Friday, August 19, 2011

The Senna Movie Experience

The Senna documentary was finally released in the Boston area and of course I had to go see it. What kind of F1 person would I be if I did not? It was a good crowd for a Friday matinee and oddly enough I was one of the younger people in the audience. There were a lot of couples and from what I can tell from the conversations a lot of supportive women coming with their significant others to take in the experience and get to know the person their partners have been blabbing about for all these years. I even briefly met a trio that drove up from Connecticut to view the film.

I will just say upfront that I really enjoyed the film. From a storytelling point of view, I liked that there was minimal narration; there was no "outside observer" telling you what was going on. The talking was mostly done by the characters through the commentary that is captured. I definitely love hearing the Senna philosophy and the use of the term "real racing". Also, I liked how Senna and Alain Prost's careers were juxtaposed when each was an older driver. Prost is seen as losing control of the situation over Senna at McLaren and complaining about it. Senna can be seen in a similar position after he moves to Williams for 1994 as he complains about the comfort level he has with the car and the certainty in which he feels Michael Schumacher and his team are using banned driver aids. Also, there was the narrative presented that Prost was the political driver and Senna was the true racer. There was a moment in the film in which Prost talks about expressly not wanting Senna at Williams in 1993 in blunt terms, but Senna giving the political answers of why he was not at Williams; a small but I think interesting observation as story telling goes.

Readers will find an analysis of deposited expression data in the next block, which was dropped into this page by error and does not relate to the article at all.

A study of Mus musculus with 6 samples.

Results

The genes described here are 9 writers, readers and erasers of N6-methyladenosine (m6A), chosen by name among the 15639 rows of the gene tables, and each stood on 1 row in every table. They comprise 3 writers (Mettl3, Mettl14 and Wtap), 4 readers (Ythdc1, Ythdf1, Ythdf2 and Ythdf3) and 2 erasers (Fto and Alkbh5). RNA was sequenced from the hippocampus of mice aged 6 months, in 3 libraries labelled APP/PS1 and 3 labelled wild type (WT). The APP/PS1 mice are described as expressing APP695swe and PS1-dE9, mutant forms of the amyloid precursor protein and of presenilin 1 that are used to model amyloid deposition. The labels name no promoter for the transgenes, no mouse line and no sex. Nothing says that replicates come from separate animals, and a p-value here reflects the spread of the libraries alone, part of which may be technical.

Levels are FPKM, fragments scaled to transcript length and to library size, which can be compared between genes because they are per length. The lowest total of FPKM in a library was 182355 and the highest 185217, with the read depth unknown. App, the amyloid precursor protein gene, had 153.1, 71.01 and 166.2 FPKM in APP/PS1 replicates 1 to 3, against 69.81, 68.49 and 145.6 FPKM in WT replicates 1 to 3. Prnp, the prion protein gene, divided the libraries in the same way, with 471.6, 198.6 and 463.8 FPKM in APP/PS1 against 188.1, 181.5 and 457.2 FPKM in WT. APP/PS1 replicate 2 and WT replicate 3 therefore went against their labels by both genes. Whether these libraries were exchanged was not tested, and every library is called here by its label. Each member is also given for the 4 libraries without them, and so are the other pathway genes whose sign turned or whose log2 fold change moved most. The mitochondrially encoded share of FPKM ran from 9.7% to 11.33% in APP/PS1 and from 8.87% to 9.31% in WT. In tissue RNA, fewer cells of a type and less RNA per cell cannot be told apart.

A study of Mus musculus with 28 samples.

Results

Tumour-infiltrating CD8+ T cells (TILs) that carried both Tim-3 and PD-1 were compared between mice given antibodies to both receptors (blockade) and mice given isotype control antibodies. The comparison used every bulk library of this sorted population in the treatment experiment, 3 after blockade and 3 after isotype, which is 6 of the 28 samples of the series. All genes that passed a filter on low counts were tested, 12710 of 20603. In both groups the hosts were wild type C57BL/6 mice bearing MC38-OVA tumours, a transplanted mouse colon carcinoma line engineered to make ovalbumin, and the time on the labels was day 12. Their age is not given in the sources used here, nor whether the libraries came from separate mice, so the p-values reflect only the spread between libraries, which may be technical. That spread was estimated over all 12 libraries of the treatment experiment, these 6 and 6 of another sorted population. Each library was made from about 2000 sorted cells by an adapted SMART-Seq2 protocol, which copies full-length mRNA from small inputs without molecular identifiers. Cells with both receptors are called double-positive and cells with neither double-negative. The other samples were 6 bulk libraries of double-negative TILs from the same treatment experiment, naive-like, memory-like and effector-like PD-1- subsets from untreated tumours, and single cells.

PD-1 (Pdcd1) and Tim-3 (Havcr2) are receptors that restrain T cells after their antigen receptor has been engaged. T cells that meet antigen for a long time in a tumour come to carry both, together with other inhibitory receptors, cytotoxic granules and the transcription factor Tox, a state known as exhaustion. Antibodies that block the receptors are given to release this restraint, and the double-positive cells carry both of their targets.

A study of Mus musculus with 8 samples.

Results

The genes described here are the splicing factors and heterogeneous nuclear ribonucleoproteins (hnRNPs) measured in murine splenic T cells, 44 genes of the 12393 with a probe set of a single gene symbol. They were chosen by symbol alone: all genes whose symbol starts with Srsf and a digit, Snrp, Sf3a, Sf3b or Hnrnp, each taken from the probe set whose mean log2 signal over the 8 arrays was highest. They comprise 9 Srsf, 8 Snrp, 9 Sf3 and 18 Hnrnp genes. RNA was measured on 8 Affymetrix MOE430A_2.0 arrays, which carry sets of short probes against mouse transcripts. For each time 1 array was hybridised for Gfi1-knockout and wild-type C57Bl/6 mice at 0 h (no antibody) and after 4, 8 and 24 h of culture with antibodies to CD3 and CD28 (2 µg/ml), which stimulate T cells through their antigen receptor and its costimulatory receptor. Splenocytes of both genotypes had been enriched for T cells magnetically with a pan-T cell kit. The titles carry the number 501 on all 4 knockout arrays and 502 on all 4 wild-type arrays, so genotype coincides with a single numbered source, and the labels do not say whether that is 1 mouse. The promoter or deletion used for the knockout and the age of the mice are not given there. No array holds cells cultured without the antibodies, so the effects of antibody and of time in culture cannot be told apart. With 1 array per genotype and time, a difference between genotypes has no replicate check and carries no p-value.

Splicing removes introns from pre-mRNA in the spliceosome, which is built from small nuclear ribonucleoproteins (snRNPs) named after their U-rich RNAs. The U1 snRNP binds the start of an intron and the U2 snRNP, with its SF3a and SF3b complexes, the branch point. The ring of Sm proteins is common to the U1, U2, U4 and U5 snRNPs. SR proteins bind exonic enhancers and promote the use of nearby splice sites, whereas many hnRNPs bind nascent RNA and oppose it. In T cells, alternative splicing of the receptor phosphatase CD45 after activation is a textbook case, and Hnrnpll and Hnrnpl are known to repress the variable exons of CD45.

From an artistic point of view, the archival footage in the film is epic. There were some new things I have never seen. For the most part it was TV coverage that in some instances was grainy and gritty. This made it akin to watching newsreels of the 1930's which to me is a romantic component of the film and it's historical value. Also, there was beautiful film footage that just brings you back to that era as if you are on the pit wall. Even with the quality of digital images today, I wish F1 would have something like NFL Films. It would certainly give F1 a different visual touch.

What I did not like about the film was they tended to gloss over or not mention some of his flaws and therefore it is not a balance view of the man and the story; particularly his rivalry with Alain Prost. Addressing this more clearly would have shown Senna in a more balanced light. Also, there were moments in the film that came across as victimology. Were there cases in which the FIA (at the time FISA) had questionable motives in going after Senna? Yes. Was that all the time? No. For instance, the lead up to Suzuka 1990 was basically portrayed as a conspiracy to put Senna on the dirty side of the track after winning pole position. But the reality was that the pole was on the dirty side of the track from at least 1987. I bring this example up because the issue with the pole position brought some gasps from the audience of Senna being cheated. This clouds the story and the subsquent actions Senna took in that race.

However, it must be said that writer and an executive producer Manish Pandey in an interview with F1 Fanatic, admitted error in not showing a little more of Senna's questionable moves in his rivalry with Prost and for legitimate movie making reasons, it was not completely depicted. So, although it lacked a balanced view of the rivalry it is acknowledged as such. In any case, I can accept it as it is a Senna film not a Prost film.

The film does leave the viewer with a clear sense of Senna's essence if you did not know who he was. He was one of the world's finest racing drivers and a master of rainy race conditions. Also, he was a god fearing man that was a humanitarian and Brazil's biggest advocate. It just could have been a more complete depiction that would have taken the complexity level up a notch for the causal observer. Nevertheless, seeing him and F1 of that era on the big screen is a treat even if you are not a racing fan. It is just a damn good story with complex and charasmatic characters.

The most fitting part of the experience was when the movie was over and I was leaving the theatre. I was in the midst of a thunderstorm in which the rain was coming down in buckets. I chuckled and did a double take to check for that iconic yellow helmet.